Understanding ovens

There seems to be some confusion over the differences between conveyor and convection ovens—in fact, some people use these terms interchangeably. However, these two oven types are really quite different.

Conveyor Ovens

A conveyor oven can be any oven that has a conveyor, upon which the product is baked while passing through the oven. Conveyor ovens can bake with different heating principals, such as infrared; air impingement; a combination of both infrared and air impingement; or even a combination of conduction with radiant (infrared), air impingement or convection. Each of these is a type of conveyor oven but, as you can imagine, there are significant differences between them and the way they bake. Infrared baking is very gentle in that there is no forced airflow; the bake is very controlled. Think of an infrared oven as a giant toaster, but instead of a control knob indicating lighter or darker (as you’d see on your toaster), the oven has a thermostat that allows you to adjust the emitter temperature to give your product the best possible bake. Since there is no forced airflow with infrared ovens, they do not tend to dry out products during baking. For lightly topped or cheese-topped pizzas, infrared ovens are just fine, and they work great on a multitude of different food items, too.

Conveyor ovens that combine infrared and air impingement use both technologies to give an enhanced bake. By adding the air impingement feature, any issues of eliminating excess water from the top of the pizzas is addressed, and baking times are improved to some degree. 

A newer type of conveyor oven is one where direct-contact (conduction) baking is done right on the hearthlike conveyor, and then air movement is deployed to the top of the pizza to improve the bake on the top of the pizza.

Last, the air impingement oven is the type of conveyor oven that has been a mainstay in the pizzeria industry now for more than 25 years and, in my opinion, is the oven that is most commonly referred to when conveyor ovens are referenced with regard to baking pizzas. Air impingement ovens have been in a constant state of evolution ever since the first one was introduced. Today’s ovens are much improved, in both baking and operational efficiency, from the ovens that we had a mere 10 years ago. The feature that makes air impingement ovens such efficient performers is the way the airflow in the oven is highly focused and directed right onto the product at a very high velocity. As the air impinges upon the product, it causes a distortion in the surface of any water present on the surface of the pizza, increasing its surface area, which, in turn, increases its rate of evaporation, resulting in an overall drier finished pizza. To control the high-velocity airflow, air impingement ovens rely on “fingers,” which can be opened, closed or partially blocked off to enhance or restrict airflow. By adjusting the airflow characteristics, just about any finished baking characteristic can be achieved, on either the top or bottom of the pizza.

Convection ovens, on the other hand, have a much gentler, circular type of airflow pattern in the oven, which is designed specifically to equalize the temperature in the oven as well as aid in heat transfer to the product being baked. These are the basic differences between air impingement baking and convection baking; but, in addition, due to their application in the food industry, there are some other differences in convection ovens of which we need to be aware.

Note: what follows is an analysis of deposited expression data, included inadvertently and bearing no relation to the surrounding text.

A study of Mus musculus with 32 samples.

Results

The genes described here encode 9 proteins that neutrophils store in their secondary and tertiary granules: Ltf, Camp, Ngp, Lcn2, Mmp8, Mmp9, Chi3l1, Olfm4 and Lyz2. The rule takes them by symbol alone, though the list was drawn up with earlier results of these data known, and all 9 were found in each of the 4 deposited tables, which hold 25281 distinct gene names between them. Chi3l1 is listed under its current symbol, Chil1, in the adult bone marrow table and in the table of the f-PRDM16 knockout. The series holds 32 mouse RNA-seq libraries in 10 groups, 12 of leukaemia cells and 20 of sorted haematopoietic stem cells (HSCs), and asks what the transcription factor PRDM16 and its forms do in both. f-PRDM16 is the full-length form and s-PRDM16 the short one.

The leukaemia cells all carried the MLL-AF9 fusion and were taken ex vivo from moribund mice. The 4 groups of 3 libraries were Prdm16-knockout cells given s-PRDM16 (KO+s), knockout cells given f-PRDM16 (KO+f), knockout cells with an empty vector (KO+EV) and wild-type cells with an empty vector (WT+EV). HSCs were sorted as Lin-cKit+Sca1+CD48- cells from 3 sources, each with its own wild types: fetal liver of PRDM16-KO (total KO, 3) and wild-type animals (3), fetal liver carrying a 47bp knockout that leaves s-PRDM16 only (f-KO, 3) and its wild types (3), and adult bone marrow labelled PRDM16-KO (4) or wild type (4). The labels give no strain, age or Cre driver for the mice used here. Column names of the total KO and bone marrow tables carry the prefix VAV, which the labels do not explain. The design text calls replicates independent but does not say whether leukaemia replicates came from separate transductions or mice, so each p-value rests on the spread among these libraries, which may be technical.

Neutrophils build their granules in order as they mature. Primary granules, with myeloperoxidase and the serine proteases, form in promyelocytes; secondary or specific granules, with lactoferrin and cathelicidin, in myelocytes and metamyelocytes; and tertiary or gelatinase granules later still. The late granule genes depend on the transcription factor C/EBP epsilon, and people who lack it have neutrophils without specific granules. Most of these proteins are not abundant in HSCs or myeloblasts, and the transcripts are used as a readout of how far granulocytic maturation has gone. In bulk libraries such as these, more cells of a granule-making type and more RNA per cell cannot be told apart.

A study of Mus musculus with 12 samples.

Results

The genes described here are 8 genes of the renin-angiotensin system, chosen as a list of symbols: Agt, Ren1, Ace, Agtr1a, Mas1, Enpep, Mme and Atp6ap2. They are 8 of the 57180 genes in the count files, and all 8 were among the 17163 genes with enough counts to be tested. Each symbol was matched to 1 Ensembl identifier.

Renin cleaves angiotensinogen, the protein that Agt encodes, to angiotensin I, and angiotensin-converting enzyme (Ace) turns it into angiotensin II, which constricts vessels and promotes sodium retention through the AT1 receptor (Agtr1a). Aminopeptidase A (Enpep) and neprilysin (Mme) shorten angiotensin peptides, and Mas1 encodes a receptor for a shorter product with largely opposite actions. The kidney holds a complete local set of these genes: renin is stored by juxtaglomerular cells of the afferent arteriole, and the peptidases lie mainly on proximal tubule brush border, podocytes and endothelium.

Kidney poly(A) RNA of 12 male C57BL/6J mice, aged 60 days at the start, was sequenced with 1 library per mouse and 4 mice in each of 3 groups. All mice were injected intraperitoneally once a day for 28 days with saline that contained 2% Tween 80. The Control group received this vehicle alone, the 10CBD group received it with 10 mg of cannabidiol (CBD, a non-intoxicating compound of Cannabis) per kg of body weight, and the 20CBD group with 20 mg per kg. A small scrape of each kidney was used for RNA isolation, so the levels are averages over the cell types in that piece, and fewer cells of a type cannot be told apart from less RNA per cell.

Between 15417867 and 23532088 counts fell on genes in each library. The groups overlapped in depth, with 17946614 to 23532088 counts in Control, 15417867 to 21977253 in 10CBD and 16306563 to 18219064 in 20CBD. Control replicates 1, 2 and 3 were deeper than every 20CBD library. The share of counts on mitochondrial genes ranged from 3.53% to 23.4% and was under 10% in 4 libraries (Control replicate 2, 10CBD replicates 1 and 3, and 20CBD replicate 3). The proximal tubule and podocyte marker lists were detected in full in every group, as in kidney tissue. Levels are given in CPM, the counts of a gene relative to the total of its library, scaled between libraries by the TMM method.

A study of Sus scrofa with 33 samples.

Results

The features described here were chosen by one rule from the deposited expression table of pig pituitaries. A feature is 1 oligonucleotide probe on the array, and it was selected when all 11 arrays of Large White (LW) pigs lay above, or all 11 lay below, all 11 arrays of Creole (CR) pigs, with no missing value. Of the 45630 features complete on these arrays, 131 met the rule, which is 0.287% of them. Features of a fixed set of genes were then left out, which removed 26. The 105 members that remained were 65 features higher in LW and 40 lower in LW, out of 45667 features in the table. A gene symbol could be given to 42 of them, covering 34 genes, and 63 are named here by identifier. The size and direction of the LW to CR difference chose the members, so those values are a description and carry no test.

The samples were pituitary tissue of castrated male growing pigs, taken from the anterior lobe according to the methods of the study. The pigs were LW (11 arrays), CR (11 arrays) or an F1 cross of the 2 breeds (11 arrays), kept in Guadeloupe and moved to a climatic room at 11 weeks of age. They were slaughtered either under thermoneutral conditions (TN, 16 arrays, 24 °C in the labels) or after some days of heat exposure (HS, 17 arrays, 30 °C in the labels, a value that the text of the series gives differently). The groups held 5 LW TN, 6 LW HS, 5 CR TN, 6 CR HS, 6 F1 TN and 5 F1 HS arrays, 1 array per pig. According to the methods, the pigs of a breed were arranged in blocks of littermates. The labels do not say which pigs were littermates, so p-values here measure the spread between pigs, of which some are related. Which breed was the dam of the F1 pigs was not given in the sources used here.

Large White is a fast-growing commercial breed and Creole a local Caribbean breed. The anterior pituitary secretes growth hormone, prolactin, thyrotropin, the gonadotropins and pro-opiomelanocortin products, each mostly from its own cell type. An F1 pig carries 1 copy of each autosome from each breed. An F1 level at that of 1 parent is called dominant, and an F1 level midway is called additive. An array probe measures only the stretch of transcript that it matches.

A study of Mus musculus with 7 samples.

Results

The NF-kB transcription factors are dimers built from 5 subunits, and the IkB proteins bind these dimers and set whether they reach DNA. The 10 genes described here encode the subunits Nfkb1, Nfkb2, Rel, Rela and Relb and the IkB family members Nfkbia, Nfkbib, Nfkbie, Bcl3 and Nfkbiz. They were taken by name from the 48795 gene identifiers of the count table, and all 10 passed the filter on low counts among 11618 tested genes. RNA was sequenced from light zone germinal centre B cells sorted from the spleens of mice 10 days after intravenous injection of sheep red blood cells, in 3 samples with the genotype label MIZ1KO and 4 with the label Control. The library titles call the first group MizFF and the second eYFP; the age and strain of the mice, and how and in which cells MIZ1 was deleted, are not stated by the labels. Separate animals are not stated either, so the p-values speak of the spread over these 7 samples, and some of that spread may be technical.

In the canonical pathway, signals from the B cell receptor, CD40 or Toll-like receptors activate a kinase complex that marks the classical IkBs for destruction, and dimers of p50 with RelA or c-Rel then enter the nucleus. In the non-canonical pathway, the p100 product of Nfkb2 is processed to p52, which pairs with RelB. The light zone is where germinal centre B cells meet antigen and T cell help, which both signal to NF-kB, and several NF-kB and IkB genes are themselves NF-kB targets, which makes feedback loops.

Convection Ovens

Some convection ovens are designed with open wire-grid shelves, allowing the air to flow freely through the oven. This is great for reheating foods and baking items such as biscuits, but pizza needs to have a crispy crust characteristic; and an open wire-grid shelf in a convection oven does not allow for that. The use of pizza pans is a great way to compensate for this. 

Other types of convection ovens utilize a rack that is pushed into the oven. In addition to the convection (air movement), the rack rotates to provide even more airflow over the product and equalize the baking characteristics of the oven so as to achieve a uniform bake throughout the oven. There are some convection pizza ovens that I’ve come across that are something of a hybrid, like the infrared/air impingement ovens mentioned earlier. These ovens are essentially a deck oven with a fan to circulate air over the top of the pizza. This is a combination that can provide a pizza with a crispy bottom, while the circulating air helps in baking the top of the pizza and removing any water released from vegetable toppings.

As you can see, there are many differences in conveyor and convection ovens, and the book is still a long way from being finished. With rising energy costs leading to greater emphasis on energy-efficient ovens, multiple baking technologies will continue to be incorporated into our conveyor ovens. How long will it be before we see a conveyor oven utilizing magnetic resonance (think cool-cooktop home ranges) to rapidly heat the interior of the dough, followed by a dose of intense radiant heat to bring the outer portion of the pizza up to near browning temperature, and then applying air impingement to finish the baking as well as removing any water that might have been released from vegetable toppings? I think it’s just a matter of time.

Tom Lehmann is the director of bakery assistance for the American Institute of Baking (AIB).